George Peppard first achieved prominence opposite Audrey Hepburn in the film "Breakfast at Tiffany's" but was better known to modern audiences as the tough, cigar-chomping mercenary Hannibal Smith, leader of television's "The A-Team."
Known as difficult in his professional and personal life, the versatile actor suffered long periods of unemployment and four divorces, two from actress Elizabeth Ashley, whom he met while filming "The Carpetbaggers."
Although Peppard originally disparaged the small screen in favor of films, he achieved his widest success and perhaps greatest pleasure starring in three NBC television series — as the Polish American detective "Banacek" from 1972 to 1974, as a neurosurgeon on "Doctors' Hospital" from 1975 to 1976, and as the Vietnam veteran colonel on "The A-Team" from 1983 to 1987.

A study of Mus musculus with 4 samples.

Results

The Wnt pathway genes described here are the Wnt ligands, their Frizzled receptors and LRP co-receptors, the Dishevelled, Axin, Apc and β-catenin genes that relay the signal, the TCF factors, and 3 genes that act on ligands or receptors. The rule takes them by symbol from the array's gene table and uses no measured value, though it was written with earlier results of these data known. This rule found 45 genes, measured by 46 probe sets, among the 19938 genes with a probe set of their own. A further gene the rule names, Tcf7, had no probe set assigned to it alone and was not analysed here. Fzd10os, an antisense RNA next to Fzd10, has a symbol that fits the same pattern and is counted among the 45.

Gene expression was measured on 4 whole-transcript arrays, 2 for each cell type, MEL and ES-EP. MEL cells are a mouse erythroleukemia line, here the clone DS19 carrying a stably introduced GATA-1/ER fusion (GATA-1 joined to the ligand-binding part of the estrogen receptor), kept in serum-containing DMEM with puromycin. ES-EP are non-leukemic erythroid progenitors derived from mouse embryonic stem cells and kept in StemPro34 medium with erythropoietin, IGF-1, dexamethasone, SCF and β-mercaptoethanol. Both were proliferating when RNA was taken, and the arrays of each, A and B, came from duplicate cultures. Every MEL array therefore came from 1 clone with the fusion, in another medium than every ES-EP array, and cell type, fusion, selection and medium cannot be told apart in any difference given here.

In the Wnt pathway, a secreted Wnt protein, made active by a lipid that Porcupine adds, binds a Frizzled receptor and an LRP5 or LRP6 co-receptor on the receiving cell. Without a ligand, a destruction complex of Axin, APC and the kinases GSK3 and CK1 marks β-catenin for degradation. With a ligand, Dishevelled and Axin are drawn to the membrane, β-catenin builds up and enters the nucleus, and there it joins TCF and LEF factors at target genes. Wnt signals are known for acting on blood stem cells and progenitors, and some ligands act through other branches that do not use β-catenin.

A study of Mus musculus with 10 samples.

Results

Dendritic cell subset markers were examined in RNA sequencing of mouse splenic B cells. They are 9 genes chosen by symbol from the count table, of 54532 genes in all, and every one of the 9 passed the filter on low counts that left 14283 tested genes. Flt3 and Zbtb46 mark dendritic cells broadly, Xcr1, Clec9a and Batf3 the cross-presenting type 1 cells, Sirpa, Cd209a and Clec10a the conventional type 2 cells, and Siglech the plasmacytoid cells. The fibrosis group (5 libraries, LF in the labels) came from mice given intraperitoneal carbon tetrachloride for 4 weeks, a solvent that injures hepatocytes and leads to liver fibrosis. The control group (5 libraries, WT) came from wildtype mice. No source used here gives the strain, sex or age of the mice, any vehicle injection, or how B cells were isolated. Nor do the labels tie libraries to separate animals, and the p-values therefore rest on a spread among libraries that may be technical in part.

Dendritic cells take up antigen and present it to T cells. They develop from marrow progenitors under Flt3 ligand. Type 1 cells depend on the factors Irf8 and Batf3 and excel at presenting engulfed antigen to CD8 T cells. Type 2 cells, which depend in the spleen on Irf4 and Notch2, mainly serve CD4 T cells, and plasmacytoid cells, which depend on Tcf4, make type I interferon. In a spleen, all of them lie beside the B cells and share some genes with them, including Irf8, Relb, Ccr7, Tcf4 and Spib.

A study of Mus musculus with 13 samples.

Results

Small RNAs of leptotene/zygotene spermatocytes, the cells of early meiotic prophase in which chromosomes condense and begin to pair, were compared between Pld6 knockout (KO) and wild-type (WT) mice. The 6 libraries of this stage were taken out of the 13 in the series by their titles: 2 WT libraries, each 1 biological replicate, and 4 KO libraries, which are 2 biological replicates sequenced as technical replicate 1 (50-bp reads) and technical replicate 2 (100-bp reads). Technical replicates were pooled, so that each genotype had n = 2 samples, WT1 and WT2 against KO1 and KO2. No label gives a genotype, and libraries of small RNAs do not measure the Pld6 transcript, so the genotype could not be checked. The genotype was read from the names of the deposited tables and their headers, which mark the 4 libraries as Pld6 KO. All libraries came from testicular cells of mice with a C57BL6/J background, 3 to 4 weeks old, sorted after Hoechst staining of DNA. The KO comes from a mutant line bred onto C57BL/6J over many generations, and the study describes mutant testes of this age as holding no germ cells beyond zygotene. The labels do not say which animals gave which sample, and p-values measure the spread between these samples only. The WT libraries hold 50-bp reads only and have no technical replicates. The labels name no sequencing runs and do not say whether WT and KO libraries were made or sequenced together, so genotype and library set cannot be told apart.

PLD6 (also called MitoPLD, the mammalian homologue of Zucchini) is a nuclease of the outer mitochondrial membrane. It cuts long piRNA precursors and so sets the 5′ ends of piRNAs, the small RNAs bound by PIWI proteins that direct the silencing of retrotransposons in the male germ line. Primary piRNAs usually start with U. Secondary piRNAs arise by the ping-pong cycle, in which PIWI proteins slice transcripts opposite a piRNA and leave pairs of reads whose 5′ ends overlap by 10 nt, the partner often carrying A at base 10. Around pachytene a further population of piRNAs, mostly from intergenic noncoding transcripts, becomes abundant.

Peppard appeared in more than 25 films after making his debut in "The Strange One" in 1957. But his early ones were the best —"Pork Chop Hill" in 1959, "Home From the Hill" in 1960, his role as the writer supporting Hepburn's Holly Golightly in "Tiffany's" in 1961, "How the West Was Won" in 1962 and "The Carpetbaggers" in 1964. Although he appeared with the superstars — Gregory Peck, Robert Mitchum, James Stewart, John Wayne — he never became one himself.
Appearing on television opened up opportunities for other roles, including World War II British secret service agent in the 1990 television miniseries "Night of the Fox." He also returned to the stage, appearing in "Love Letters" in London and "The Lion in Winter" in West Palm Beach, Fla., where he met his fifth wife, Laura.